Homeowners always wish that their lawn will be lush and green all year long. But when the season is so hot and the declared drought continues on, people tend to give up on their moisture-starved backyard. Well, don’t! There are still a few things that can be done to make those grasses green again.

Clark County, located in Southern Nevada, is experiencing a very dry, hot season. This has worried a lot of homeowners because it has resulted in withered trees and scorched lawns. There are already dry, brown areas and even entirely brown backyards or lawns heavily spotted with brown throughout the county.

It’s still summer and there are still drier and warmer months coming. Homeowners are looking for ways to further deal with this weather and to protect their lawns as the drought continues.

Washington State University Clark County Extension’s horticultural adviser, Charles Bun, stated that the best thing to do when it comes to protecting your lawn during the hot weather or even during drought is to plant more drought-tolerant grasses and plants. He also added that the bulk of one’s landscape or lawn should be located in a non-watering area.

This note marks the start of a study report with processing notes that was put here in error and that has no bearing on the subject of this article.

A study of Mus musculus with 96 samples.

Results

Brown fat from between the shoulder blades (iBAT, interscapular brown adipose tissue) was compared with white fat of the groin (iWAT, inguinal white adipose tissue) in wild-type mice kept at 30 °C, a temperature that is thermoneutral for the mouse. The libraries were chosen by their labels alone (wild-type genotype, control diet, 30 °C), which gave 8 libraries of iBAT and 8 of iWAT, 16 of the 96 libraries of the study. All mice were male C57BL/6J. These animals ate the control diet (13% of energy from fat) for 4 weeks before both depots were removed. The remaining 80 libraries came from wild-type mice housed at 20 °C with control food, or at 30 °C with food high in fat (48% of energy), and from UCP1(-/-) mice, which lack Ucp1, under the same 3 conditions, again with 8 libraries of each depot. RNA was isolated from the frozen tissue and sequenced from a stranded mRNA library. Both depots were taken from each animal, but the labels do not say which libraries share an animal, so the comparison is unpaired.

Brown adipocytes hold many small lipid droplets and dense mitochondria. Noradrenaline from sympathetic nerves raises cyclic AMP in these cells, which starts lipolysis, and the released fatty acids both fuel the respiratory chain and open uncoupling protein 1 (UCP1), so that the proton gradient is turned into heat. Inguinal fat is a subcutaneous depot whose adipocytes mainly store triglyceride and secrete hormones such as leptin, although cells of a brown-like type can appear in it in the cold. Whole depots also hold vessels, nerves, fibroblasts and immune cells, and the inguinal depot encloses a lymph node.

These are a few of his tips that will help homeowners prevent the drying of their lawns:

  • Plant more perennial ryegrass. This grass, also known as Lolium perenne, is a competitive cool-season grass. It will take a temperature of 100 degrees Celsius for it to wither and die. Clark County has had two days with such temperature.
  • Divide the lawn into watering zones. Dividing the backyard into watering zones is one thing that Bun highly recommends. About 20% of the zone should be near the house wherein the flowers or plants that require frequent watering are located. The remaining 80% should be on the non-watering zone.
  • Know when and how to water. Bun shared a few ways when it comes to when and how to water. For a lawn to remain lush green throughout the summer season, the amount of water needed or recommended is about an inch every week. The horticultural adviser also added that even trees or shrubs resistant to drought, like Japanese maple trees, also need watering in order to keep them healthy and to help them survive. His technique when it comes to watering them is using a 5-gallon bucket, drilling a tiny hole in its side and then setting it next to the shrubs and trees as a very easy and cheap way to create a drip irrigation. Fill the bucket only once every week.
  • Try not to have a lot of flowers. Because flowers need constant watering, limiting them is the key. One good way of doing so is planting them in hanging baskets.

Your lawn may look dry and almost dying; you may feel devastated just by taking a quick look at it. But there’s hope for it; just don’t give up!